A total of 817,000 Rohingya refugees are now living in the southern most district of Bangladesh. Since 25 August, some 604,000 people have crossed the border, having fled violence in Myanmar. This is in addition to the over 200,000 people who had sought safety in Cox’s Bazar following previous outbreaks of violence. The majority of new arrivals live in crowded makeshift settlements, with only 46,000 people living among the host community.
IOM, the UN Migration Agency, has been meeting with male and female community leaders in the rapidly growing Kutupalong refugee settlement to assess how best to address residents’ needs and ensure that they know where they can provide feedback and complaints, and who they can come to if they need to report gender-based violence.
Following this meeting, the communities in Kutupalong are now more engaged in the tracking of new arrivals to the settlement. Community meetings will now be held regularly.
IOM and REACH, a non-governmental organization (NGO) working to facilitate the development of information tools and products that enhance the humanitarian community’s decision-making and planning capacity, are mapping community leadership in all sites to enable communities to have more of a say and decision-making power in the humanitarian response in their settlements.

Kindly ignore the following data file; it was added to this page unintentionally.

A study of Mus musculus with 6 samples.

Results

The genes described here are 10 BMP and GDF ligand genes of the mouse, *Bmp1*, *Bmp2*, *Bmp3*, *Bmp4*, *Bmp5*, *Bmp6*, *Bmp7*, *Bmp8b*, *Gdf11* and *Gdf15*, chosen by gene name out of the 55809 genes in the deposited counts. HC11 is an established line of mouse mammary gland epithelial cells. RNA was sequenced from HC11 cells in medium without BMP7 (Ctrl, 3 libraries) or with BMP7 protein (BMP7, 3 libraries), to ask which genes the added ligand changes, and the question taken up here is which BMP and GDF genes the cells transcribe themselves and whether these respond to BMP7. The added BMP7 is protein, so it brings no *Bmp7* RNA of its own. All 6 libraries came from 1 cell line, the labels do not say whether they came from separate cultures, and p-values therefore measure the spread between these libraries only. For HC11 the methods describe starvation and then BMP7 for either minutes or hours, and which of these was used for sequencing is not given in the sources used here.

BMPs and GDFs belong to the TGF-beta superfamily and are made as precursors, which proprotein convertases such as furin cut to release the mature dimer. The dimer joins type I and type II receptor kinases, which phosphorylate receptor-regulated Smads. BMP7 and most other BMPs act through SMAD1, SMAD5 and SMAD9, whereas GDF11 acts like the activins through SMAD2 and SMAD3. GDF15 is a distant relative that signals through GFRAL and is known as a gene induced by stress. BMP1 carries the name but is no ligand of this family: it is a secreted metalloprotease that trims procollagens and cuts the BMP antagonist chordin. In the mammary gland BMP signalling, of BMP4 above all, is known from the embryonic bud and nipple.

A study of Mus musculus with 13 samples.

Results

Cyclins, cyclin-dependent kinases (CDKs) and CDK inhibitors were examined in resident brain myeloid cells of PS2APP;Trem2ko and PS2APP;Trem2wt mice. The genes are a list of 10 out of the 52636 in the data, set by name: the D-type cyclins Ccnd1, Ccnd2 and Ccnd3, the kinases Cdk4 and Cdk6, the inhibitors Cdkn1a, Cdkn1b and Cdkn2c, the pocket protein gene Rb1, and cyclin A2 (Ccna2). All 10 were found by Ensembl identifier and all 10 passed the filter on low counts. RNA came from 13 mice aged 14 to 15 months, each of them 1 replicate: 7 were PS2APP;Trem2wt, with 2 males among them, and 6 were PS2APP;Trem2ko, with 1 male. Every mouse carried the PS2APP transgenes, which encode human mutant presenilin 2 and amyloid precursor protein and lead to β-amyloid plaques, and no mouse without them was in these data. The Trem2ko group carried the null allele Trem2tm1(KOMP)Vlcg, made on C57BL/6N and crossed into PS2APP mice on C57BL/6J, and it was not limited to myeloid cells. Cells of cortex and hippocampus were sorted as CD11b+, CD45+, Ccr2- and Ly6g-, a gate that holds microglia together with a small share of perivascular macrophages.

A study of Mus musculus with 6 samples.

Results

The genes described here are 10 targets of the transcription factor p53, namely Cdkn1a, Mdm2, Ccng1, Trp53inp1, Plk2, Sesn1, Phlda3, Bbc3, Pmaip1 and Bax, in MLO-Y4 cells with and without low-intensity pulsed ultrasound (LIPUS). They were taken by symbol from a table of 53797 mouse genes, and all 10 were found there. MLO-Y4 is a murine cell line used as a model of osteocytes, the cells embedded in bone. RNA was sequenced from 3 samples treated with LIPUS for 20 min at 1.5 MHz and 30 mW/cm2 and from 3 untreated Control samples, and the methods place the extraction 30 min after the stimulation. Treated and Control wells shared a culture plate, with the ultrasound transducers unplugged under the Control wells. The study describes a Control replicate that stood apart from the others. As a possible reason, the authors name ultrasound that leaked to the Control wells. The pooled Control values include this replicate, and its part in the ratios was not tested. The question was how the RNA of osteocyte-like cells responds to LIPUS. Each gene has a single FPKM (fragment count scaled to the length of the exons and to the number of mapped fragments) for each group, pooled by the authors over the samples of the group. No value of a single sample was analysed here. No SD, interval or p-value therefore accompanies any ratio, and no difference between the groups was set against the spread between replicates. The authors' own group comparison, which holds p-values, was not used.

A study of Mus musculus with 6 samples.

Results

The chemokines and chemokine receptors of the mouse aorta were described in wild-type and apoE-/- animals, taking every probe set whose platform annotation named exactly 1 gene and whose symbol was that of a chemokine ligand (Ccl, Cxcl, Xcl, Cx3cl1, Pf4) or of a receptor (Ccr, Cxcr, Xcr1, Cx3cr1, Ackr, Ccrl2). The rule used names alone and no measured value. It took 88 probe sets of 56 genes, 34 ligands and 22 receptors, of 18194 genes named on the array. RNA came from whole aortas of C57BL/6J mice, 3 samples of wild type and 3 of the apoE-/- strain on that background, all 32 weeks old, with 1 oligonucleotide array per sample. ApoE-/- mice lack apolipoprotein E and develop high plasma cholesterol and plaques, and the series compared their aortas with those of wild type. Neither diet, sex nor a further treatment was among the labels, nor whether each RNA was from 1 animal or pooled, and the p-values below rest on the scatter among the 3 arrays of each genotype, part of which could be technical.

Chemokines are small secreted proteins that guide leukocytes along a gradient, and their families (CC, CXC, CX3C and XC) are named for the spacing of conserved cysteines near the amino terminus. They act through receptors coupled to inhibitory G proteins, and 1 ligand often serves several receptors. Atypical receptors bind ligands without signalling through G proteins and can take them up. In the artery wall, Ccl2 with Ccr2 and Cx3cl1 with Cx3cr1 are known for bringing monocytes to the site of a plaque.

Rohingya refugees arrive with little or no possessions and no means of building a shelter to live in and protect themselves from weather stresses. IOM and partners have been working for over two months to ensure that these immediate needs are met. IOM has distributed over 80,000 kits that provided nearly 395,000 families with the necessities to build their own shelter, giving them a place to sleep and stay out of the hot sun and, at times, torrential rains.
With so many people having settled in such a small area, site planning and management is vital for the protection of Rohingya refugees. IOM is working with partners and the Government of Bangladesh to ensure access to displacement sites, all of which developed on hilly terrain, which is extremely difficult to reach with services.